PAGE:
5 December 2020, 13:58 | Updated: 5 December 2020, 15:50
The term “Essex girl” will be removed from future editions of the Oxford Advanced Learner's Dictionary, following a successful campaign by women from the county.
Oxford University Press (OUP) previously defined "Essex girl" as: "A name used especially in jokes to refer to a type of young woman who is not intelligent, dresses badly, talks in a loud and ugly way and is very willing to have sex."
However, following a long-standing campaign the publisher has agreed to remove it from their Advanced Learner’s Dictionary, which is used to teach English to foreign students.
The term will remain in the main Oxford English Dictionary, as OUP claims “nothing is ever taken out” of this “historical dictionary”.
The OED defines “Essex girl” as a derogatory and contemptuous term for a “type of young woman, supposedly found in and around Essex, and variously characterised as unintelligent, promiscuous and materialistic”.
Multiple campaigns have emerged to challenge the stereotype, including from author Syd Moore, who started campaign group The Essex Girls Liberation Front.
Ms Moore told LBC News: "This is great news, a bit a triumph and we are celebrating it today. The Oxford Learners Dictionary definition was actually really quite offensive."
"It is such an outdated 80s term that we really do need to get rid of it. There are lots of things to do in the world and at the moment to have a go at other people and labelling them in a really rude and offensive way is not where we want to be."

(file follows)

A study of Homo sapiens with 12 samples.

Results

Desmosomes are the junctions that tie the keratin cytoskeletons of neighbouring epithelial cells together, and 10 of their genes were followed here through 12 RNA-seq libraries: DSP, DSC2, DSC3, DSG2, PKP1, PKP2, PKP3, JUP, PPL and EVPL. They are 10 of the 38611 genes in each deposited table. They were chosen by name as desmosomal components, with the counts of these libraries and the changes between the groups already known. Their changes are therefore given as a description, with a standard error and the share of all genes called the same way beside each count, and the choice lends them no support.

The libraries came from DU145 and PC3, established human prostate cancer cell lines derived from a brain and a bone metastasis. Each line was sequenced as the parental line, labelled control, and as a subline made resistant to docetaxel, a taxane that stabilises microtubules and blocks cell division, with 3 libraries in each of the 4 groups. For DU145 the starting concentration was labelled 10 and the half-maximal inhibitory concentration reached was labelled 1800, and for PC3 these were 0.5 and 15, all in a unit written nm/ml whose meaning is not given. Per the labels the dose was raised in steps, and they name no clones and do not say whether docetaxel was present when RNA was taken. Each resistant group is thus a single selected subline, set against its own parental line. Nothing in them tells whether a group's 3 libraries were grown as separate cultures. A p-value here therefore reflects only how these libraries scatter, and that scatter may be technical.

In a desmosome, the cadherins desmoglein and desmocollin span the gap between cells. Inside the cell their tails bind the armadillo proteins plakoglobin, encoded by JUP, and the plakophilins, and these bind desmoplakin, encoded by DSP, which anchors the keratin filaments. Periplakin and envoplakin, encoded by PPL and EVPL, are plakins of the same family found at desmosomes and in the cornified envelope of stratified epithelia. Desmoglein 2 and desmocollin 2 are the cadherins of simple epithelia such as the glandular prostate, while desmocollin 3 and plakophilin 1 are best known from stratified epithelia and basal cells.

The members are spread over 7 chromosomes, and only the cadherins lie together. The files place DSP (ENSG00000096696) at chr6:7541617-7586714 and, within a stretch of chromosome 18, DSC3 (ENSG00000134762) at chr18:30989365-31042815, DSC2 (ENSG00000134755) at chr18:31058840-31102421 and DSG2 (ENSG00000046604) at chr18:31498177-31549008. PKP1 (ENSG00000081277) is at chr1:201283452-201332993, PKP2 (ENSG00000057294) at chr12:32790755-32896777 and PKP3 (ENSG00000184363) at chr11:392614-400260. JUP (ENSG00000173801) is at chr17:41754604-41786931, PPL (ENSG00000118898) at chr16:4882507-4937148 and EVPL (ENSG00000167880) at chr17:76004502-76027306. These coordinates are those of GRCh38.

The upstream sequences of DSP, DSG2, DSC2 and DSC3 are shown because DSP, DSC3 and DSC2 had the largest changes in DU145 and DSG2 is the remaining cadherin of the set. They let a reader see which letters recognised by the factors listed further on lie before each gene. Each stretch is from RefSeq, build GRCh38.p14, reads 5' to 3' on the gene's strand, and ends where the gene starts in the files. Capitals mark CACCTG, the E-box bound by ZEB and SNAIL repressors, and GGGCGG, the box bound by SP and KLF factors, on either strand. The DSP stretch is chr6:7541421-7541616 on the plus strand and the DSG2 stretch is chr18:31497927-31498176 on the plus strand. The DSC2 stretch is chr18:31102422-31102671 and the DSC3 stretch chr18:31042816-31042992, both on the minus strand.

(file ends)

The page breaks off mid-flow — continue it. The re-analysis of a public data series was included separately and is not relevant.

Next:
The author told LBC that while she was a lecturer many of her female students found they were labelled an "Essex girl" in interviews, identifying them "with promiscuity, materialism and lack of intelligence".
The campaign will continue to "change perceptions of what the Essex girl is" and to remove it from the Oxford English Dictionary, Ms Moore said, adding: "Watch this space".
Ladies and gentlemen- here is the news.— Syd Moore (@SydMoore1) December 5, 2020
Proof that, if you put your mind to it, you CAN CHANGE THINGS.
Big up to all my fellow frontiers and campaigners @EssexGirlLibFnt @Snapthestiletto @Ciaraphipps Today is a day to celebrate 🎉 pic.twitter.com/490IecgvLZ
The derogatory stereotype emerged in the 1980s and was given a new lease of life with hit-reality show The Only Way is Essex.
Gemma Collins, one of the stars of the show, has previously called for the dictionary to be changed.
“I think the dictionary should be paying everyone in Essex compensation,” she told Sky News. “We have evolved over the years. It is very derogatory what has been said about us.”
Another Essex based campaign group, Snapping the Stiletto (STS), also welcomed the removal of the term from the dictionary.
The group, which received a £200,000 lottery grant, are working to “find and celebrate the stories of underrepresented women in Essex”.
Kayleigh Boyle, Project Manager of STS, told LBC: “I am very happy the definition has been changed and that STS played a significant part in helping the campaign.”
She added: “The history of the county has been shaped by women, women who have been and still are seen as the fringes of society.
“We are working with women, and that includes anyone who identifies as a woman, in Essex of all ethnicities, LGBTIQA+ individuals, women with disabilities and working class women, all of whom have had their stories misrepresented and ignored to co-create and co-curate a series of events and exhibitions.”
The project has support from Essex-born model Penny Lancaster and Dame Helen Mirren, as it works to fight the “Essex girl” stereotype.